The suit, filed in The United States District Court for the District of Delaware, claims Nevro’s Senza neuromodulation system infringes upon Boston Scientific patents covering stimulation leads, batteries and telemetry unit.
Boston Scientific is seeking unspecified damages and attorney’s fees, as well as preliminary and permanent injunctive relief against further infringement, according to an SEC filing.
The filing comes hot on the heels of Nevro’s own suit against Boston Scientific, which it filed in late November, claiming that Boston Scientific infringed on patents related to its Senza and HF10 spinal cord stimulation systems.
Nevro filed its suit against Boston Scientific in the United States District Court for the Northern District of California, seeking the same in terms of damages and injunctions.
One of the patents in question, no. 8,359,102 was the target of 2 petitions for inter partes review as filed by Boston Scientific last November, and part of a spat which Nevro beat late last year.
The Patent Trial and Appeals Board of the U.S. Patent and Trademark Office declined the reviews, Nevro claims, saying that “Boston Scientific failed to establish a reasonable likelihood of showing that even one of the challenged claims of the ‘102 patent was invalid.”
The new suits follow a Nevro victory in a previous spat between the 2 last December, where Nevro beat a pair of challenges to 1 of its patents by Boston Scientific after the U.S. Patent & Trademark office declined to institute inter partes reviews.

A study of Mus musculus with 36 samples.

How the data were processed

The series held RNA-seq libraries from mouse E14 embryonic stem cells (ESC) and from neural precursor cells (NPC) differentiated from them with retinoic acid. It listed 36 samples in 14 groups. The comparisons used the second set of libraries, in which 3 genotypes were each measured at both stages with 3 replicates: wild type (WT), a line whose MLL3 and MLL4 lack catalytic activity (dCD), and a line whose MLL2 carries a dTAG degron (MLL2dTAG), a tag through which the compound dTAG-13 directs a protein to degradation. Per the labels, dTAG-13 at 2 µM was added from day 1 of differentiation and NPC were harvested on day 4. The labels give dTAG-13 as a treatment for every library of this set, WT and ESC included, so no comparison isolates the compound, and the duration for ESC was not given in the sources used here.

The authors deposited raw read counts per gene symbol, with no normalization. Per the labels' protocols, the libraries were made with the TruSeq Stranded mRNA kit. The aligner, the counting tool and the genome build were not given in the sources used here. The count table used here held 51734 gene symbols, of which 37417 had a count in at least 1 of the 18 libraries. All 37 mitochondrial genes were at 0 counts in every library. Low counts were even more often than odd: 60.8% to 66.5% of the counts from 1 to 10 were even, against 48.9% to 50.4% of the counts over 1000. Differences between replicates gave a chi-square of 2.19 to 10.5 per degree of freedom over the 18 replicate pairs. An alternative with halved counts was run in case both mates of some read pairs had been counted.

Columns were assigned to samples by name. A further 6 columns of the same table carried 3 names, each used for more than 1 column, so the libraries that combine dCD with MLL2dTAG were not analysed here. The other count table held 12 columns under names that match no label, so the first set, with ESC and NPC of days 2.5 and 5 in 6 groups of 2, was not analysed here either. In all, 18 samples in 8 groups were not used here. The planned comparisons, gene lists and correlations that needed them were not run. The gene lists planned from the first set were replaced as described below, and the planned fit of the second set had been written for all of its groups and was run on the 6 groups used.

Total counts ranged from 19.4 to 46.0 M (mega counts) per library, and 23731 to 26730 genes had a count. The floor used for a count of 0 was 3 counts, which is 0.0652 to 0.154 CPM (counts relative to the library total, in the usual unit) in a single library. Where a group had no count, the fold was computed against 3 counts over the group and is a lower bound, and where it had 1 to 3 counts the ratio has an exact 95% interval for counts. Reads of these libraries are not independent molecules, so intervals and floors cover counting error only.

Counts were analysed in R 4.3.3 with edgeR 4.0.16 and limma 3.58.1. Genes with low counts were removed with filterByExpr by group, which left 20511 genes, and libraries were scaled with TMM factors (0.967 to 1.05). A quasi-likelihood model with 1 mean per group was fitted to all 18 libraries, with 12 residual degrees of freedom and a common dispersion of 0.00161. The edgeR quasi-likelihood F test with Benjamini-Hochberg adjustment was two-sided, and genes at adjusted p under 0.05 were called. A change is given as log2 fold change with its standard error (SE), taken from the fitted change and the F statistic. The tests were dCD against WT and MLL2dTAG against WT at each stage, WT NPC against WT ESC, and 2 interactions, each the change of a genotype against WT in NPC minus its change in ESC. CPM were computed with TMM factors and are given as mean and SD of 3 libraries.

Nevro’s Senza device, which won pre-market approval from the FDA in May, is designed to deliver up to 10,000Hz to the spinal cord, allowing it to avoid the tingling sensation known as paresthesia that bothers some patients. The FDA allowed the company to label the device as superior to other spinal cord stimulators, including some made by Boston Scientific.
The patent, no. 8,359,102, covers “Selective high frequency spinal cord modulation for inhibiting pain with reduced side effects, and associated systems and methods.” Boston asked the Patent Office to review the patent a week after the FDA approved Senza; in a pair of Nov. 30 decisions, the PTO’s Patent Trial & Appeal Board found that Boston Scientific “has not demonstrated a reasonable likelihood of prevailing on its assertion.”
The decision was “an outright victory” for Redwood City, Calif.-based Nevro, according to Leerink Partners analyst Danielle Antalffy, who predicted the win in September, and “will likely make it increasingly difficult for BSX to come to market with a high frequency device without another workaround of NVRO’s patents.”